A top Apple exec explains you shouldn't bet that it'll buy Netflix or Disney
- In 2018, Apple expects to greatly expand the original TV shows and movies it's producing.
- On stage at SXSW, Apple Senior VP of Internet Software and Services was asked if those investments meant that it would buy a major player like Netflix or Disney.
- Cue shrugged off the suggestion, saying that Apple would rather not invest in an established player, and rather build out its video content in-house as much as possible.
On Monday, just before Apple Senior VP Eddy Cue took the stage at the South by Southwest festival, the Cupertino company announced the acquisition of Texture - a magazine-reading app that could bolster its own Apple News app with content from multiple publications.
That purchase prompted CNN's Dylan Byers to ask Cue, during his on-stage interview, if the acquisition of Texture meant that the company were willing to make an even bigger media deal - like buying Netflix or even Disney - to help build out its growing slate of original movie and TV content.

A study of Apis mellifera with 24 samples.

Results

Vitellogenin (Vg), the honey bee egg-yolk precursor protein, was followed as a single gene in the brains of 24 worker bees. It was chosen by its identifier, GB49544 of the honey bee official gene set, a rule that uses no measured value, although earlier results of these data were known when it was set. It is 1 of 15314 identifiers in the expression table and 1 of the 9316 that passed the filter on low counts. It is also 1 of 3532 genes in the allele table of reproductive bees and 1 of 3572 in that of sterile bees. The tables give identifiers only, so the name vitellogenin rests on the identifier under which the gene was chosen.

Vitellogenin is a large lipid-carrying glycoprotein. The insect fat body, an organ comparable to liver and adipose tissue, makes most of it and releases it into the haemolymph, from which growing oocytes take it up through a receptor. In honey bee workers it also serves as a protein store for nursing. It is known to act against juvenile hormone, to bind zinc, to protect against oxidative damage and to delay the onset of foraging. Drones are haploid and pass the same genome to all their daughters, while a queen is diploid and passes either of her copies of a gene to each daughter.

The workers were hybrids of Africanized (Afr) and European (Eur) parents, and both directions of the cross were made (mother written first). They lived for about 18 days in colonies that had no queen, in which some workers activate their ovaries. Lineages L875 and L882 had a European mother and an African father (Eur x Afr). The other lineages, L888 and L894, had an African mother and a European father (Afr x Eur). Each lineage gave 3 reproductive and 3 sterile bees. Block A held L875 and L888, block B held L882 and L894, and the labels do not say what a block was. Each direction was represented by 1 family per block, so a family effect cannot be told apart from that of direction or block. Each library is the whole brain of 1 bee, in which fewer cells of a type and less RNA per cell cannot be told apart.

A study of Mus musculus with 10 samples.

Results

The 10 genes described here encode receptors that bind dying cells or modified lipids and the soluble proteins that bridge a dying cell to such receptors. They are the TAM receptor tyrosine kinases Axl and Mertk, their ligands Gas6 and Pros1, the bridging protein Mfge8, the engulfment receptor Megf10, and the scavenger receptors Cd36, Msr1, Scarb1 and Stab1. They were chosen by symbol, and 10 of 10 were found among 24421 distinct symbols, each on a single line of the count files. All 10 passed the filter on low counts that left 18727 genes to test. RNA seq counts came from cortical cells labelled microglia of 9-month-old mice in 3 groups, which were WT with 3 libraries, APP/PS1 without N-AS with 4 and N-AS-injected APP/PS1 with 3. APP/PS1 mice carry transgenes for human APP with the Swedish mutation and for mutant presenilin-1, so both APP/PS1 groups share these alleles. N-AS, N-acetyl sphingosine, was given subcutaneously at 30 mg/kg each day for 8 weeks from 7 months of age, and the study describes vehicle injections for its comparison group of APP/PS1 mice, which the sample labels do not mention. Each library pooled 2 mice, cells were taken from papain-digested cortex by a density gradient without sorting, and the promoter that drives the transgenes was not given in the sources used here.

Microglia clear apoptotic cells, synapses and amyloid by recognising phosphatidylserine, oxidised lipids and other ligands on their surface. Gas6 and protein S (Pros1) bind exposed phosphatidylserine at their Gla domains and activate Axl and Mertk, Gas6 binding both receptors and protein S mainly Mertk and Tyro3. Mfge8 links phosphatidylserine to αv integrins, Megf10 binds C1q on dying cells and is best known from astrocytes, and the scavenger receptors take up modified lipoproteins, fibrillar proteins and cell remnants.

The Senior VP of Internet Software and Services shrugged off the question: Cue said that Disney and Netflix were "good partners" but that if you look at the "general history of Apple, we never make huge acquisitions." To explain that he pulled out a quote from hockey great Wayne Gretzky, "skate to where the puck is going, not to where it is."
In other words, Cue said Apple is focused on the next big thing, rather than the thing that is big now. So, rather than throwing enormous resources into snapping up an established player, Cue is hinting that Apple would rather buy something small and build the rest in-house.
Still, Apple is reportedly ready to spend as much as $1 billion in 2018 to develop its own movies and TV shows, The Wall Street Journal reported. Planned titles include Steven Spielberg's "Amazing Stories," and a show based on the life of star basketball player Kevin Durant. Those shows would be available to Apple Music subscribers, who pay $9.99 a month for unlimited access to a music streaming catalogue.